All the attention on the federal debt ceiling, deficits and debt may be a mistimed priority as some commentators and historians argue U.S. policymakers should focus instead on stimulating consumer demand to get economic recovery into full gear.
"Most people realize that a failure to raise the debt ceiling could be catastrophic," says Millsaps College historian Robert McElvaine, who is author of The Great Depression: America, 1929-1941. "But the drastic cuts in federal spending that some Republicans are demanding in exchange for an increase in the debt ceiling would be a repeat of the mistakes that prevented a full recovery in the 1930s and then caused a secondary collapse in 1937. Enacting these cuts is the most likely scenario in which the current recession could become a new depression."
"The easy thing now might be to proclaim that debt is evil and ask everyone — consumers, the federal government, state governments — to get thrifty," writes David Leonhardt, economics reporter for the New York Times. "The pithiest version of that strategy comes from Andrew W. Mellon, the Treasury secretary when the Depression began: 'Liquidate labor, liquidate stocks, liquidate the farmers, liquidate real estate,' Mellon said, according to his boss, President Herbert Hoover. 'It will purge the rottenness out of the system.' History, however, has a different verdict. If governments stop spending at the same time that consumers do, the economy can enter a vicious cycle, as it did in Hoover’s day."
Leonhardt says the current debate over spending whites out the tale of the economic tape, with declining consumer spending on cars, housing and consumer goods and services.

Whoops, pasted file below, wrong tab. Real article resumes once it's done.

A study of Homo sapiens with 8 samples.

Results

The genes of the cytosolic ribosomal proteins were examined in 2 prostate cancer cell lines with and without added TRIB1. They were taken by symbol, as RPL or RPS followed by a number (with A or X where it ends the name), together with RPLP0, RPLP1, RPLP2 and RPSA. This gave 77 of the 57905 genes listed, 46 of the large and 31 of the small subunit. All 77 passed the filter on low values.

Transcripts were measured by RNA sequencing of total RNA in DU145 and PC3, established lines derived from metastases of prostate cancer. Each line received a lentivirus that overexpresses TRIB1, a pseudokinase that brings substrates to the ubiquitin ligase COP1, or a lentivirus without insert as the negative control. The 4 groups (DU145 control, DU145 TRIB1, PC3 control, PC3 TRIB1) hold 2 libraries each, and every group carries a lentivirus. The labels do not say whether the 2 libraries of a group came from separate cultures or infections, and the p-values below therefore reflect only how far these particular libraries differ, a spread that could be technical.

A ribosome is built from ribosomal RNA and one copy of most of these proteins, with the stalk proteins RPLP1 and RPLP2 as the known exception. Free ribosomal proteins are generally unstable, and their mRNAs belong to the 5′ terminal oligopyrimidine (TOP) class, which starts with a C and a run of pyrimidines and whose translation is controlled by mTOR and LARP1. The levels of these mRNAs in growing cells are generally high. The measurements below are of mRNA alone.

"The Federal Reserve Bank of New York recently published a jarring report on what it calls discretionary service spending, a category that excludes housing, food and health care and includes restaurant meals, entertainment, education and even insurance," Leonhardt says. "Going back decades, such spending had never fallen more than 3 percent per capita in a recession. In this slump, it is down almost 7 percent, and still has not really begun to recover."
Liberal-leaning Washington Post columnist E.J. Dionne says the lingering debate over "a normally routine increase in the nation's debt limit with a crusade to slash spending" has cast a shadow on America's credit worthiness and its political competence. Worse, Dionne said, it has deflected attention from the "most obvious problem" citizens want fixed — unemployment.
"The best way short-term to drive the deficit down is to spur growth and get Americans back to work," Dionne asserts. "Has anyone noticed that Americans with jobs can provide for their families, put money into the economy — and, oh yes, pay taxes that increase revenues and thus cut the deficit?"
McElvaine concludes: "'History doesn't repeat itself, but it rhymes,' Mark Twain is said to have remarked. To the extent that our current history sounds like the 1930s, it is because of the lack of sense on the part of politicians. We know better than to slash spending and allow the rich to become even richer in a weak economy, but we're set on doing it anyway. If there is a new Great Depression, it won't be without rhyme, but it will be without reason."